How to beat the hi-tech car crooks

Back in the good old days, a car thief needed little more than a wire coathanger, half a tennis ball and a bit of perseverance to get your door open – failing that a brick through the window would do the trick.

Car thieves turn hi-tech

Despite not having found a way to thwart the brick-through-the-window approach to car crime, the use of technologies such as keyless entry, on-board computers, alarms, immobilisers and tracking devices should mean it is harder than ever for crooks to make off with your motor. But it isn’t - thieves are using devices known as ‘jammers’ to block the signal sent from your key fob to your car, meaning it’s left unlocked without you realising. Once inside, crooks can then connect a key programming device into the car’s diagnostic port, programme a blank key and drive off. Although jammers are mainly the preserve of thieves who target high-spec performance cars, they could make their way into the mainstream. The technology can be picked up for as little as £50 and electronic intervention methods are thought to now account for over half of all vehicle thefts.

How to get out of a jam

One way to get around the jammers is to just be vigilant – if you press the fob a couple of times and your car doesn’t lock, it might be worth driving off to another car park or space. It might just be a fault with your locking system, but it could just as easily be a tech-loving criminal, and you can never be too careful. Another option could be to fit a steering wheel lock every time you park. These things were de rigueur among security-conscious car owners about a decade or so ago but seem to have all but disappeared these days, possibly because thieves found a way around them. But anything that makes life harder for them has to be worth a go.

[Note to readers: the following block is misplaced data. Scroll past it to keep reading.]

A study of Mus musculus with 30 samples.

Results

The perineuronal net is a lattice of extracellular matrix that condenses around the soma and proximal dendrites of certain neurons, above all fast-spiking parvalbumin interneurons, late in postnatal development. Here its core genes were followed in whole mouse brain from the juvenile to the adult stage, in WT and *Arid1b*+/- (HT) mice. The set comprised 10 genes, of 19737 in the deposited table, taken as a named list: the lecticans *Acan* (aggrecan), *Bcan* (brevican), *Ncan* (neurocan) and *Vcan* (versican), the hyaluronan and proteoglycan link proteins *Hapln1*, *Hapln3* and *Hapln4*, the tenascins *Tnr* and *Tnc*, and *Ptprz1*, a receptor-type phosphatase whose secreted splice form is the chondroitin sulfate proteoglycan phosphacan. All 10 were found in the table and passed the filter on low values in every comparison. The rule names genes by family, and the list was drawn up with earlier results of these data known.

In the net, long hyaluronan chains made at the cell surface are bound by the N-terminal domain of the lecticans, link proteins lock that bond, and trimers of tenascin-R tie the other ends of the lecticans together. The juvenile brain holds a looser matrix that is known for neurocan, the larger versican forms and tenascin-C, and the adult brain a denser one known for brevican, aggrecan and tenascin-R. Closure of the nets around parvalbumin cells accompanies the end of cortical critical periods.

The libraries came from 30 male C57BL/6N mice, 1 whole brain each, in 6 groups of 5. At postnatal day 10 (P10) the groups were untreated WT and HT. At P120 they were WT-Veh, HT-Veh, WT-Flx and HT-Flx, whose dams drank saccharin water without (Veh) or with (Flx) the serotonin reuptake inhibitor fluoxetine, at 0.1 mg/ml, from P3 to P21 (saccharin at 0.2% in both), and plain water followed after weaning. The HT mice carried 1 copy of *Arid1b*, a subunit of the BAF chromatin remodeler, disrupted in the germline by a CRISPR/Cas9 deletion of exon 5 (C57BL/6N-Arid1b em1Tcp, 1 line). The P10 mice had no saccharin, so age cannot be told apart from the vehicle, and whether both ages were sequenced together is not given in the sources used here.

Fight fire with fire

Or you could fight the thieves on the tech front by installing a device such as Trafficmaster’s Trackstar Advance, a new telematics device designed to combat electronic theft and track your vehicle if all else fails. The device has been produced in conjunction with Thatcham Research and is a Thatcham CAT6 product, which means it will provide tracking data with street mapping and a motion sensor. What’s more, the extra security it offers means it could bring down the cost of your car insurance. It also uses sophisticated driver identification technology to stop any unauthorised starting of your engine.

Fobbed off

Alternatively, you could just make sure your car is locked before you walk away from it – just because your car has remote locking, it doesn’t mean you have to lock it by pointing the fob over your shoulder as you walk away. Thinking on, you should probably stop doing that anyway, if for no other reason than it looks daft and impresses no-one – it’s not the 90s you know.